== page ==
Southwest Indiana AHEC Leads Charge For Additional Sexual Assault Nurse Examiner Training


According to the Centers for Disease Control and Prevention (CDC), one in five women in Indiana will be victims of sexual violence. Research has shown that medical facilities with Sexual Assault Nurse Examiner (SANE) programs provide better victim care and forensic evidence collection, but not all nurses have had access to this training. Southwest Indiana Area Health Education Center (AHEC), hosted by the University of Southern Indiana in Evansville, Indiana, has received a three-year grant worth more than $1 million from the Health Resources and Services Administration (HRSA) to expand professional development opportunities for SANE nurses practicing in rural and/or underserved communities in Indiana.

The Indiana SANE Training Project will collaborate with existing didactic courses (both adult/adolescent and pediatric/adolescent) to provide funding for targeted nurses to participate in these trainings. In addition, the project will expand clinical training opportunities for nurses to improve clinical competence and confidence to ensure high quality forensic medical care to victims of sexual assault.

Key partners in the project include the Indiana Emergency Nurses Association, the Indiana AHEC Network, the Indiana Prosecuting Attorneys Council and Albion Fellows Bacon Center (rape crisis center). In addition, the Indiana State Police Crime Lab will provide expertise and guidance to the project and its activities.

The Indiana AHEC Network has established collaborations with the Indiana State Department of Health, Indiana Center for Nursing, Indiana Rural Health Association, Indiana Hospital Association, Indiana Minority Health Coalition and the Indiana Public Health Association, which will strengthen networking across Indiana, according to Jane Friona, executive director of Southwest Indiana AHEC.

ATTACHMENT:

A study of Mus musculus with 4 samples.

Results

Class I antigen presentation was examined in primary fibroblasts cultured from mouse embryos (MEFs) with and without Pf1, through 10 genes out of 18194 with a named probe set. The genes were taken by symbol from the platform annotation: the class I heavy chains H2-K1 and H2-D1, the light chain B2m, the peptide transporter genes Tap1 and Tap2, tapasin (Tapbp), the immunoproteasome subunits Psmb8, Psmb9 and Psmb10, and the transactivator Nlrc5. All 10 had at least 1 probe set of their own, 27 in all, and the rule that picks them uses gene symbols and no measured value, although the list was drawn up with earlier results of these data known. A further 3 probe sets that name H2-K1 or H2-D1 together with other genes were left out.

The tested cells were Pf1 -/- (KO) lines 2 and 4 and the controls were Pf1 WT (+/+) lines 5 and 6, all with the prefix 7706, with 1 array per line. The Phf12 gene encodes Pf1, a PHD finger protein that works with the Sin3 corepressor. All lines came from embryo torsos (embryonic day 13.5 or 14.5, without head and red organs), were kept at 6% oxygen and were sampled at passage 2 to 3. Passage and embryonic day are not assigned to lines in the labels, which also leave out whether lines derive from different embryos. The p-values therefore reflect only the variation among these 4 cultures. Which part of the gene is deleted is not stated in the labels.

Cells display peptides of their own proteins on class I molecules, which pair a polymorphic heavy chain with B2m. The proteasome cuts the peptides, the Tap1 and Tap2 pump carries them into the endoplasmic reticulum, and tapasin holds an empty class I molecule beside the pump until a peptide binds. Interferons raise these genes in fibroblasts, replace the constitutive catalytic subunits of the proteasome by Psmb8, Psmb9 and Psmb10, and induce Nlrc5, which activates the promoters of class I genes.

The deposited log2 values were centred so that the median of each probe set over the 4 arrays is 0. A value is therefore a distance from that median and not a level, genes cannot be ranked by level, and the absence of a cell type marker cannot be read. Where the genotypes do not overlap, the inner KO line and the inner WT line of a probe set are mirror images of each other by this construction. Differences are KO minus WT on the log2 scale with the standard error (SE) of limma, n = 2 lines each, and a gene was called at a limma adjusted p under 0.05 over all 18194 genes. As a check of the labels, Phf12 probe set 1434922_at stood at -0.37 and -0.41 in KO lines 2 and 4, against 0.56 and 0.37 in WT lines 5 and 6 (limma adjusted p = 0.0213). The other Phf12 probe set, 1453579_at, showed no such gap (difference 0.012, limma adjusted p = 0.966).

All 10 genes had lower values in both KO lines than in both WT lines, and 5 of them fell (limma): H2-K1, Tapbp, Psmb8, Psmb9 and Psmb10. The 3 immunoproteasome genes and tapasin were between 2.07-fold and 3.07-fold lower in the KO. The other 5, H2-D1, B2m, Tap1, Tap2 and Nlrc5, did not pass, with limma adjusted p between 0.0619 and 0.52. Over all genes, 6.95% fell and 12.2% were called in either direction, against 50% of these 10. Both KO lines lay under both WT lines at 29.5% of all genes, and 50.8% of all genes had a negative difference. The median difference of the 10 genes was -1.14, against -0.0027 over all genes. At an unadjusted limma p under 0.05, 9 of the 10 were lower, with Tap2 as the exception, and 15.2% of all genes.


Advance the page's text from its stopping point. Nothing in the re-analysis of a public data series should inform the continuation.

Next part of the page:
“The project will increase the number of qualified SANEs in rural and/or underserved communities, and it will also provide funding for professional certifications and recertifications, as well as activities and education to promote retention and self-care for these professional nurses,” she said.

Friona said the primary barriers identified for nurses to obtain SANE training is the cost and time required. “This project includes funding to assist with expenses related to the lengthy trainings, and it also brings trainings into the rural and/or underserved communities, which should positively impact the time required for the trainings because travel time is reduced,” she said. “In addition, with a strong focus on increasing clinical trainings, the ability of the nurse participants to achieve and maintain clinical competency will improve.”

During the three-year project period, the Indiana SANE Training Project will work toward three primary goals:

  1. Increasing evidence-based, effective training of SANEs and forensic nurses working in rural and/or underserved communities to ensure competence in the care of sexual assault victims.
  2. Supporting professional development of forensic nurses in rural and/or underserved communities in Indiana.
  3. Improving the collection of data related to SANE programming in Indiana to guide future decision-making and programming.

The Health Resources and Services Administration (HRSA), an agency of the U.S. Department of Health and Human Services, is the primary federal agency for improving health care to people who are geographically isolated, economically or medically vulnerable.

Email Jane Friona at jefriona@usi.edu to be involved with the grant project or for more information.